Defrocked Pedophile Priest Thomas Laughlin -- Who Admitted to Molesting Dozens of Boys in Oregon -- Has Died
By Aimee Green
March 28, 2013
Thomas Laughlin -- one of Oregon's most notorious pedophile priests who admitted to molesting dozens of boys over decades in parishes throughout the state -- has died after spending his last years living a quiet existence near family in Omaha, Neb.
Laughlin was known as an exceptionally charismatic priest and tremendous church fundraiser who hobnobbed with Portland's Catholic business and political elite -- someone many in the church thought could be bishop one day. But he also was the first priest molester to be criminally convicted in the Archdiocese of Portland.
At his 1983 sentencing hearing for sexually abusing two boys, the then-57-year-old priest pondered aloud a concern that he'd be remembered only as a child molester.
"I felt everything good I had done for 35 years would be forgotten, and I would be remembered only for the harm I had done to those I was sent to serve," he said.
Laughlin died on March 1, according to a letter sent to Portland-area clergy. He was 87.
The news is just now filtering out to some of his victims.
"He's in a place where he can't hurt anyone else, and that's a good thing," said a 46-year-old man who was molested from ages 11 to 13 as an altar boy under Laughlin's watch at All Saints Parish in Northeast Portland.
"He's getting what he deserves," the man said Wednesday.
Laughlin cost the church dearly in money and reputation.
He was among priest abusers who spurred an avalanche of lawsuits, causing the Portland archdiocese to seek bankruptcy protection in 2004. According to a 2007 report in the Catholic Sentinel, the archdiocese paid $20.7 million to 34 victims because of abuse by Laughlin. Only Maurice Grammond -- another pedophile priest -- cost the archdiocese more.
Parents and parishioners also learned the archdiocese had fielded many complaints about Laughlin's abuse, but kept transferring him without telling people why.
Laughlin grew up in Nebraska and arrived in Oregon in 1948, fresh out of the seminary. He taught at Central Catholic High School in Southeast Portland for 17 years, but abruptly left in 1965 after a boy reported that Laughlin had molested his brother. The archdiocese sent Laughlin to a church in St. Helens, then to St. Mary's in Corvallis a year later.
Six years later, after hearing complaints of sexual abuse from Corvallis parents, the archdiocese sent Laughlin back to All Saints in Portland's Laurelhurst neighborhood -- where he went on to abuse more children during his tenure from 1972 to 1983.
It was only when a 17-year-old former altar boy walked into the Portland Police Bureau and told investigators that Laughlin molested him from ages 12 to 14 that Laughlin's crimes became public.
He pleaded guilty to two counts of sexual abuse. As part of his plea deal, he agreed to no jail time if he stayed away from children and attended a counseling center for pedophile priests in New Mexico. But on the way there, he met one of his older teen victims at the Grand Canyon and had sexual relations with him again.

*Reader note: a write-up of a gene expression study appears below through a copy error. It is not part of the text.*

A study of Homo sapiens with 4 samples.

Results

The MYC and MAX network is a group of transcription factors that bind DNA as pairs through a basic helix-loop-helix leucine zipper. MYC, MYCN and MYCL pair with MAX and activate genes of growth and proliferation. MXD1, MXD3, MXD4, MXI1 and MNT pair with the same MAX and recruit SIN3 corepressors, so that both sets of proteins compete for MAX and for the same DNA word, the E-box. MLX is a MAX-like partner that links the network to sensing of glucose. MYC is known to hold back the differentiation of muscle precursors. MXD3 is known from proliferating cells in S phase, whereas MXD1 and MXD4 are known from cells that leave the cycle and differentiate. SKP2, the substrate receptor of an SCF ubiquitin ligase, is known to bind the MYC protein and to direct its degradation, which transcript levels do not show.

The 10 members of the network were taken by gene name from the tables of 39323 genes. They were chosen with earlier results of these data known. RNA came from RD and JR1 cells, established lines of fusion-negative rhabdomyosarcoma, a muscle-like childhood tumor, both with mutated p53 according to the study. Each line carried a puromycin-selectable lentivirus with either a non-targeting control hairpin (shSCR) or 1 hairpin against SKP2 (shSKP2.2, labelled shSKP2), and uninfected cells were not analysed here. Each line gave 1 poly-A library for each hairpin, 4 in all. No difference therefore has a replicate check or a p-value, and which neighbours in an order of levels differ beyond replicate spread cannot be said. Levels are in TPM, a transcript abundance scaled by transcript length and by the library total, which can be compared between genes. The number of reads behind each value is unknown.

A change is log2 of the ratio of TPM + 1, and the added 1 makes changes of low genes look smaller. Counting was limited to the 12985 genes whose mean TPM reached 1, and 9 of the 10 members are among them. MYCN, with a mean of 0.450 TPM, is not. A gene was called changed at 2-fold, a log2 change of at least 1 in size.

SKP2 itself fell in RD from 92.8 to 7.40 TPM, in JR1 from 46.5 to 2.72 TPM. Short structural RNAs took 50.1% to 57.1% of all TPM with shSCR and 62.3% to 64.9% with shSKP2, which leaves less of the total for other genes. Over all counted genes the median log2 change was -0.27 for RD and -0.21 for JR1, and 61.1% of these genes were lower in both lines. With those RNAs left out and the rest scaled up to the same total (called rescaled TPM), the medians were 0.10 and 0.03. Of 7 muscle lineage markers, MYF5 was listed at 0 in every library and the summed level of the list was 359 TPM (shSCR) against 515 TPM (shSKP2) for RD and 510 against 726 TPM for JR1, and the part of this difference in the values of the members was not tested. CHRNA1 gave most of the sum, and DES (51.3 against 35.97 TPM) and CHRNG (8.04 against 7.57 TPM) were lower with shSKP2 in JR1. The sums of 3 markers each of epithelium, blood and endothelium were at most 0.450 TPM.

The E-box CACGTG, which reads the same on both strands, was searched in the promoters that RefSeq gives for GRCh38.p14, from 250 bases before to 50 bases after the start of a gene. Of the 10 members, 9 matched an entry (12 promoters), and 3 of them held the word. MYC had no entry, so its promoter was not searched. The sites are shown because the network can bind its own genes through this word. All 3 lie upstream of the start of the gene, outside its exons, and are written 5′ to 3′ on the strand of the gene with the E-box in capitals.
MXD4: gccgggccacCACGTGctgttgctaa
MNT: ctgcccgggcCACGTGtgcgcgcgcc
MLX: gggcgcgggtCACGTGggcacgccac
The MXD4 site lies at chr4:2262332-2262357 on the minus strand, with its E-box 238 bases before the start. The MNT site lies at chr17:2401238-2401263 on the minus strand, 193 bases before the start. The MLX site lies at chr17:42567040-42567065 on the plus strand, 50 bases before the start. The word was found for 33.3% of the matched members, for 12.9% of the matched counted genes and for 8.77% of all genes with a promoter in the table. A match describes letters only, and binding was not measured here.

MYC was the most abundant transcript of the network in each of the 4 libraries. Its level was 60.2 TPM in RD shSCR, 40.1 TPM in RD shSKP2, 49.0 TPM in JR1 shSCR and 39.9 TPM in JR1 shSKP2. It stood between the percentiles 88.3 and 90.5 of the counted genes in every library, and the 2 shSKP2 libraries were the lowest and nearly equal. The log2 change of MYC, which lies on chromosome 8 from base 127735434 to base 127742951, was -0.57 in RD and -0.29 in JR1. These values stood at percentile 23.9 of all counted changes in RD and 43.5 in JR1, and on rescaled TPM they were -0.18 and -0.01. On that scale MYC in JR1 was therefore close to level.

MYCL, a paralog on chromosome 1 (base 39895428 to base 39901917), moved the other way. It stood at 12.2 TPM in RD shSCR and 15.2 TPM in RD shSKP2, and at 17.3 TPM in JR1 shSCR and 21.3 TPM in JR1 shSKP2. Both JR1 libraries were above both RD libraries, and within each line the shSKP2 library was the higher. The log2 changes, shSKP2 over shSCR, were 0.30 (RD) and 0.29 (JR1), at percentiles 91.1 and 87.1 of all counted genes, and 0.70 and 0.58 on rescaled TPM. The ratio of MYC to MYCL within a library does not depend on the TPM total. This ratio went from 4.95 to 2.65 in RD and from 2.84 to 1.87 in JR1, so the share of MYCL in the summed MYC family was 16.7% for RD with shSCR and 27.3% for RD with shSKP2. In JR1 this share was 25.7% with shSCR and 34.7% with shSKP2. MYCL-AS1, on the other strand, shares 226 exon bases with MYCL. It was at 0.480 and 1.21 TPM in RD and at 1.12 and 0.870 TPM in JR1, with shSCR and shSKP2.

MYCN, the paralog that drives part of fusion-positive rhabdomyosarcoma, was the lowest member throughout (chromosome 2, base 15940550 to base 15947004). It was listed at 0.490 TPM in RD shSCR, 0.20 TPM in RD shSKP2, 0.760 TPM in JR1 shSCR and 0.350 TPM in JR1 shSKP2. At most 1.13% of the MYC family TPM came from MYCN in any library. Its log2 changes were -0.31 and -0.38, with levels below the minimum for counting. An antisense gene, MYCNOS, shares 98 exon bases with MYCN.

A Multnomah County judge then sentenced Laughlin to a year in jail. He was removed from the priesthood in 1988.
Laughlin moved to New Mexico where he was accused of taking in a teenage boy from a broken home, then abusing him for five years in the late 1980s and 1990s, said Mickey Morey, a retired Wilsonville attorney who represented more than 20 of Laughlin's victims, including the New Mexico boy.
Some of Laughlin's victims said the former priest never directly apologized to them.
An Oregonian reporter found Laughlin in New Mexico in 2002 unwilling to talk about the molestation. But neighbors in his apartment complex said he still put on his black suit and Roman collar for special occasions and dinners. Unaware of his past, they referred to him as "Father Tom."
Morey remembers questioning Laughlin in 2005 during a deposition as three abuse victims sat in the room.
"It was just pathetic," Morey said this week. "There wasn't an ounce of repentance in that man, in my opinion. He was playing the doddering old man who couldn't remember and didn't want to admit to what he did."
A Portland woman, whose brother was abused by Laughlin, said the priest spurred a lot of anger that is sometimes misdirected at today's church.
"It's not the Catholic Church that we hate, it's the system they had in place at the time that was wrong," she said. "There are a lot of wonderful, wonderful people in the church that were hurt because of what (Laughlin) did."
The Oregonian isn't naming her to protect her brother's identity.
Laughlin spent the final years of his life in Omaha.
The Rev. Larry Gillick, a Jesuit priest at Creighton University, knew Laughlin for years and offered Laughlin spiritual counsel in his final days.
Gillick said he couldn't speak about those conversations, other than to say Laughlin lived a very private and quiet life over the last decade "in deep regret."
"He did not live a happy life," Gillick said. "But he was, in the very end, peaceful with God."
A small funeral Mass was held several days after Laughlin's death, attended mostly by relatives, according to a letter sent out to priests in the Portland archdiocese.
"In a sense, I suppose one could say that this at least partially closes a sad chapter in the history of our Archdiocese," wrote Monsignor Dennis O'Donovan. "Yet the hurt and pain of those who had been molested -- well, that perhaps continues. Let us certainly continue to pray for them, and may we pray that God's mercy touch(es) Tom also."